By 2050, there will be more plastic in the world’s oceans than fish. That was a prediction by a study conducted by the World Economic Forum in January 2016, which looked at the amount of plastic being produced and suggested that, in the next 30 years, the world will be producing more than three times the amount than in 2014. Following the report, David Attenborough’s Blue Planet II thrust the subject back into the national consciousness and, since then, plastic consumption, production and pollution has been much discussed. Today, many leading brands have committed to action, thanks to a new agreement devised by the Ellen MacArthur Foundation in partnership with UN Environment. Brands such as Burberry, H&M, Selfridges, Inditex (the parent company of Zara), Stella McCartney and L’Oréal have all signed the New Plastics Economy Global Commitment, which aims to "eradicate plastic waste and pollution at the source".
There are three definitive targets within the Commitment, the first being to eliminate any superfluous plastic packaging and avoid single-use plastics altogether. The second is to make all plastics recyclable, compostable or, at the very least, reusable by 2025, while the third target deals with keeping any existing plastics in use for longer before they’re thrown away, either by reusing them or recycling them into new products. The targets will be reviewed every 18 months.
The signatories include brands responsible for 20% of all plastic packaging produced around the world, suggesting that this Commitment has the potential to enact real change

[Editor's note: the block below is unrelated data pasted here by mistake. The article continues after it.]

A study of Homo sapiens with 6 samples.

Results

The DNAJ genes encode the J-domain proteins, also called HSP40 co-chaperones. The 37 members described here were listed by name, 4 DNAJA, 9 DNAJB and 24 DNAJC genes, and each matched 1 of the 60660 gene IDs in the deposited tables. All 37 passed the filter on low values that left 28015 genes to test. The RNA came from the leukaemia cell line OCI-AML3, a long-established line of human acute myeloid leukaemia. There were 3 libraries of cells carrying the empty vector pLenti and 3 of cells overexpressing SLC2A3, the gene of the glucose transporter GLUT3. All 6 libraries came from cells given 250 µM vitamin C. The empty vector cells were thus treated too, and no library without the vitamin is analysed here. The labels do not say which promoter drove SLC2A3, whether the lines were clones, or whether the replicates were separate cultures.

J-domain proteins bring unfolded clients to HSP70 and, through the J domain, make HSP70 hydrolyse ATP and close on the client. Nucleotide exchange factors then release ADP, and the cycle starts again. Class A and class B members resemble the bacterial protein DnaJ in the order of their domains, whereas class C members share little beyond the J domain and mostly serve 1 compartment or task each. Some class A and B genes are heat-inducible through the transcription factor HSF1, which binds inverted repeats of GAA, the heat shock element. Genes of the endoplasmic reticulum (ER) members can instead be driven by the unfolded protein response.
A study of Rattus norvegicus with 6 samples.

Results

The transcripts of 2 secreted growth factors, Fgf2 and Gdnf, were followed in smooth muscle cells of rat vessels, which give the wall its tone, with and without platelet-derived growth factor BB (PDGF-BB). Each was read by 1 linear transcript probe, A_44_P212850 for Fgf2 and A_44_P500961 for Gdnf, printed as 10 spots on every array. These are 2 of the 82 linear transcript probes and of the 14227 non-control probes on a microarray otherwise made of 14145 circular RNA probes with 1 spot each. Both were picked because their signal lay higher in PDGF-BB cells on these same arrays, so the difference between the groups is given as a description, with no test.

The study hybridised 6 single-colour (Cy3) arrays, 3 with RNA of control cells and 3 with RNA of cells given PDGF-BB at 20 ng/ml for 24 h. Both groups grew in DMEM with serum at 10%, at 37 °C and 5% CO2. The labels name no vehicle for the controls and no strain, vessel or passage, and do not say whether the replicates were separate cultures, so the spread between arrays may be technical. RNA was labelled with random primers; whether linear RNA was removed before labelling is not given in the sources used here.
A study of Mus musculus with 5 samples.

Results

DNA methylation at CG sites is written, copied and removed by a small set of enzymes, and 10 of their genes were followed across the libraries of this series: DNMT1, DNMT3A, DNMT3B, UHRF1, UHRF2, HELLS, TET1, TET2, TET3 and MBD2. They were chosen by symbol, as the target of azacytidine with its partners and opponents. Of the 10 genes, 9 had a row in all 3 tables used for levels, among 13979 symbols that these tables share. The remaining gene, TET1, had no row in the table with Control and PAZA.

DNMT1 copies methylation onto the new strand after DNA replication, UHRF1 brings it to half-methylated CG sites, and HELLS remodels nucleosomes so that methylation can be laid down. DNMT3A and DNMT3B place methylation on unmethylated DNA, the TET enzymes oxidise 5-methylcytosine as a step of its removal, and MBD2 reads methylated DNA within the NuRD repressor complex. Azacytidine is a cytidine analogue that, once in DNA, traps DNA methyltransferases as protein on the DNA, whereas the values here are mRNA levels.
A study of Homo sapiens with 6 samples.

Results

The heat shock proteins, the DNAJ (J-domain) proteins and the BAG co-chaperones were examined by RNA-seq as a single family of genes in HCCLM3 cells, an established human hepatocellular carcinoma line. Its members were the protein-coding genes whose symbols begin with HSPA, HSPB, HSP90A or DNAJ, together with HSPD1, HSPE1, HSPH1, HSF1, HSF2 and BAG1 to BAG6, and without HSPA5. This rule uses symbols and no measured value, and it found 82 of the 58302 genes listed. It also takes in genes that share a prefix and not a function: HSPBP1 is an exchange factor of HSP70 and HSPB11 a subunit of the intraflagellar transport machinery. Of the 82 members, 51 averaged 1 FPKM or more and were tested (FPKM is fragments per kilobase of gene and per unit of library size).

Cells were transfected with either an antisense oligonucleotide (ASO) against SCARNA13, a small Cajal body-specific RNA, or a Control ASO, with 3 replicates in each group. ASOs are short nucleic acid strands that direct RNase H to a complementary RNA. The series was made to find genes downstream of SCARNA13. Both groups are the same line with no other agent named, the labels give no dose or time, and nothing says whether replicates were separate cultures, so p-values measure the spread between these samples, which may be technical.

The Commitment has also been signed by the British and Chilean governments. In a press release, Ellen MacArthur said: "We know that cleaning up plastics from our beaches and oceans is vital, but this does not stop the tide of plastic entering the oceans each year. We need to move upstream to the source of the flow. The New Plastics Economy Global Commitment draws a line in the sand, with businesses, governments and others around the world uniting behind a clear vision for what we need to create a circular economy for plastic."
As well as committing to the targets outlined in the agreement, the brands who have signed up will be required to publish their progress annually. Currently, the signatories include brands responsible for 20% of all plastic packaging produced around the world, suggesting that this Commitment has the potential to enact real change. Given that the World Wide Fund for Nature has just declared a state of emergency for the natural world, this is welcome news indeed. According to a report published by the WWF, global vertebrate populations have decreased by 60% since 1970, largely due to human activity destroying the natural habitats of these species. The organisation has stressed that only a global pact on the scale of the Paris Agreement on climate change (from which President Trump withdrew, earlier this year) will help save the world from irreversible collapse.
While it’s massively encouraging that influential brands have signed the new Commitment, more need to follow suit. The planet is in crisis and we all need to take responsibility in whichever way we can.